Yemeni government launches cholera immunisation drive

Programme looks to immunise more than 250,000 residents

Yemeni women suspected of cholera are treated at a hospital in the Yemeni coastal city of Hodeida on October 1, 2018. The war between Yemen's government, backed by a Saudi-led regional military coalition, and Huthi rebels linked to Iran has left an estimated 10,000 dead since 2015 and triggered what the UN calls the world's worst humanitarian crisis. Another 2,200 have died of cholera, according to the World Health Organization, nearly one-third of them under the age of five. 

The five-day campaign will see 257,000 Yemenis over the age of one receive the cholera immunisation in an attempt to curb the spread of the waterborne disease.

As the second round of the immunisation programme, the campaign will run throughout the week and aims to provide immunisation to the residents of several areas in the south.

Medical teams from the Ministry of Health have been dispatched to visit 76,000 residences in those areas to administer the injections.

"Yemen is in the throes of the largest cholera outbreak ever recorded... The recent support given by KSRelief, UAEAID, Gavialliance, and World Bank to cholera vaccination campaign made a world of difference for hundreds of thousands of Yemeni families" said the World Health Organization earlier this month.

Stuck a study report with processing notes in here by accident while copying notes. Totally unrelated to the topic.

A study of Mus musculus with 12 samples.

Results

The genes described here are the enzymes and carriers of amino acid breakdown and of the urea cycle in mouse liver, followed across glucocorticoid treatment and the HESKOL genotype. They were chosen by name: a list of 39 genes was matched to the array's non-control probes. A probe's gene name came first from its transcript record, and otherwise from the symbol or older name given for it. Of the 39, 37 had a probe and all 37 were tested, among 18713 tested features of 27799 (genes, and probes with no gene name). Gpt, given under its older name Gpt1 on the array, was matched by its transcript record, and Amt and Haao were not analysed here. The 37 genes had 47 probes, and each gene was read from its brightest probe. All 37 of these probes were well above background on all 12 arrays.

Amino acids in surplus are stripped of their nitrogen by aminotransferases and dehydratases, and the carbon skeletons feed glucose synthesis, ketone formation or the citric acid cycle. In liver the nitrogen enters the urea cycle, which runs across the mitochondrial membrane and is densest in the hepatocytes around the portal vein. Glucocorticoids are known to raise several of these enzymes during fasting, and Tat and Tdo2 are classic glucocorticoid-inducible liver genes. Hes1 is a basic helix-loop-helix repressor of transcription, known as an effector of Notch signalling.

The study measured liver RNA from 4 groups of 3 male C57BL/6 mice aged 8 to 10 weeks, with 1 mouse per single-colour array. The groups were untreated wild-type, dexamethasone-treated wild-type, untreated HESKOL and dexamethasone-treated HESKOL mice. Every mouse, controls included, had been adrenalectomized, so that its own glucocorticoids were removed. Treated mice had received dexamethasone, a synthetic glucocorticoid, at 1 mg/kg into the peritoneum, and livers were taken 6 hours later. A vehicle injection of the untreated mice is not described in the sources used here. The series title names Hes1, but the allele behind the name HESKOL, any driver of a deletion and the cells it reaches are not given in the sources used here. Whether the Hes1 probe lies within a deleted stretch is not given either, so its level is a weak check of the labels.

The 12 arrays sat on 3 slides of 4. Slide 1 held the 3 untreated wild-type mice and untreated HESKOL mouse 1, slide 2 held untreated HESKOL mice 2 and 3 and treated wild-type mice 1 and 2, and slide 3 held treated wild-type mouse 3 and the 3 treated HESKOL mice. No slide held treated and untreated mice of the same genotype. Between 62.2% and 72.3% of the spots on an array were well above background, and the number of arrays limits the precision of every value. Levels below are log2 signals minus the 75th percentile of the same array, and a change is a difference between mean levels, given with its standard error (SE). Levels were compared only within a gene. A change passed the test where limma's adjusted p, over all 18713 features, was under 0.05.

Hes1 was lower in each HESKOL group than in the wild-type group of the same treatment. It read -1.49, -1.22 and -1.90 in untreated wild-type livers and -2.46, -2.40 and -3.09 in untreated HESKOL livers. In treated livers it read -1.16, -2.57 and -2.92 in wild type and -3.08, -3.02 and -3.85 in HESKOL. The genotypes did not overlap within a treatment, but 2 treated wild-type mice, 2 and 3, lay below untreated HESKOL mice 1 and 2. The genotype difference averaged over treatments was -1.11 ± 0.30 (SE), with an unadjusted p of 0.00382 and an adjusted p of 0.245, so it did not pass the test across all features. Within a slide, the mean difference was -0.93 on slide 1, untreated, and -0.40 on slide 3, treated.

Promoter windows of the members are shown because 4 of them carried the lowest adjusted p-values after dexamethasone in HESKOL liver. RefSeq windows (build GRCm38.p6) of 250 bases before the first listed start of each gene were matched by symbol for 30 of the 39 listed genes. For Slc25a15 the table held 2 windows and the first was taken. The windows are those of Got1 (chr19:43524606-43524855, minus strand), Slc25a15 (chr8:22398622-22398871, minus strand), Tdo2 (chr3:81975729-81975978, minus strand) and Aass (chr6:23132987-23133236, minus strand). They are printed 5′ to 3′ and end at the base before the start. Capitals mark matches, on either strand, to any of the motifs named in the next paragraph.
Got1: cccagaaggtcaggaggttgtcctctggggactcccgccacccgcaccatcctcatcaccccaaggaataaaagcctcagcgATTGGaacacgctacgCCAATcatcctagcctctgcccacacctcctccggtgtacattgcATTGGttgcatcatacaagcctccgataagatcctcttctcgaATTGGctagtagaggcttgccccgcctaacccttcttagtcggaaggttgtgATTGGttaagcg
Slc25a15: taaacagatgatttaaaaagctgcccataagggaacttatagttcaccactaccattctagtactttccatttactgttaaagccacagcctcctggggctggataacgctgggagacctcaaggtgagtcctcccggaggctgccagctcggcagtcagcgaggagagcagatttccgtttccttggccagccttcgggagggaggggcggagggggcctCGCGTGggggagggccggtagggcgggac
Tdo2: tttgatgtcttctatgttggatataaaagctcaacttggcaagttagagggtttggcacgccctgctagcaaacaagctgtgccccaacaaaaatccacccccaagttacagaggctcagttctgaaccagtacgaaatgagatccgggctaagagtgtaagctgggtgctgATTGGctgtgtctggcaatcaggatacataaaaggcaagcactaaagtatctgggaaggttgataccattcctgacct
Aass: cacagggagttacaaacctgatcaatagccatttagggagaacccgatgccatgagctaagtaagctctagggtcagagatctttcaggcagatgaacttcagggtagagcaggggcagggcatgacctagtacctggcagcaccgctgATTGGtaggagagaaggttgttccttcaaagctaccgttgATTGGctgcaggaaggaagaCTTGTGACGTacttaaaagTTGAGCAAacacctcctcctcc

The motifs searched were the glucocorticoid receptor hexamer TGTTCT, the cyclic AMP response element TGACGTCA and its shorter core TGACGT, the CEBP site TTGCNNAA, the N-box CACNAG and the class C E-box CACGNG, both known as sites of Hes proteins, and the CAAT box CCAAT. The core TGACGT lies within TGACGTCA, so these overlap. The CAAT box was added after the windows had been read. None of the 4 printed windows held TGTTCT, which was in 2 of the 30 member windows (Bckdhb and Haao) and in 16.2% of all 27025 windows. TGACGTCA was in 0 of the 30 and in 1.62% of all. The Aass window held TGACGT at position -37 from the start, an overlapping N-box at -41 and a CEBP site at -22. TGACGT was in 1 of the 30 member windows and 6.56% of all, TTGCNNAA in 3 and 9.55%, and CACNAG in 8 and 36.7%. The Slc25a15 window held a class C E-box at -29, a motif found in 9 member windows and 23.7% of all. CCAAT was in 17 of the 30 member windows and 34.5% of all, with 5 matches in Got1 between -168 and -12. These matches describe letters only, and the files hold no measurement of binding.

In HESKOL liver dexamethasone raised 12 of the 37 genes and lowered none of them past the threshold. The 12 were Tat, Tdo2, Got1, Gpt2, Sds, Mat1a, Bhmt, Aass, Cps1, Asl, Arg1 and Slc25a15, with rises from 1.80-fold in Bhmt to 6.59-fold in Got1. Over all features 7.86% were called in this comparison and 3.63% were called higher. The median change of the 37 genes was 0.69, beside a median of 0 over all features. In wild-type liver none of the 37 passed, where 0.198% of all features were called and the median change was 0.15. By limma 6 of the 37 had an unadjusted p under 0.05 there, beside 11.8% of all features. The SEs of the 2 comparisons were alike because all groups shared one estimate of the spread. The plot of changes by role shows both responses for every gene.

Meanwhile, Masam, a Saudi-funded disarmament programme, has managed to defuse and eliminate 11,785 landmines planted by Houthi militia in different parts of the country including farms, houses and schools.

"The western coast areas are the most affected by the Houthi mines due to the easy environment to be planted especially in the farms and along the sandy roads and along the coast line," Major-General Qiad Haiytham Halboob the executive director of the Yemeni mines action centre in the liberated provinces told The National.

The disarmament project efforts in Yemen were further bolstered by the Giant Brigades, an Arab Coalition-backed Yemeni force, which has been able to intercept explosives reportedly manufactured by Iranian experts. The explosives were designed to resemble palm tree trunks.

Ali Al Barakani, who works as a deminer in the Giant Brigades, said that the Houthis attempted to hide the explosives in a palm tree farm located in Kilo 16, east of Hodeidah.

Mr Al Barakani said he has seen the Houthis manufacture explosives disguised as rocks and dolls but never in the shape of palm trees.

“Manufacturing such devices with a shape of palm trees is new, we haven't seen it used before which indicates that Iranian experts are still available in Yemen, they provide such support for the Houthi militia because we are absolutely sure that Yemenis don't have such experience, " Mr Al Barakani said.

On the battle ground in Hodiedah, sporadic intensive confrontations between the Houthi militia and the pro-government forces continued on Saturday night taking place in Kilo 10 area and along the street which leads to the University of Hodiedah.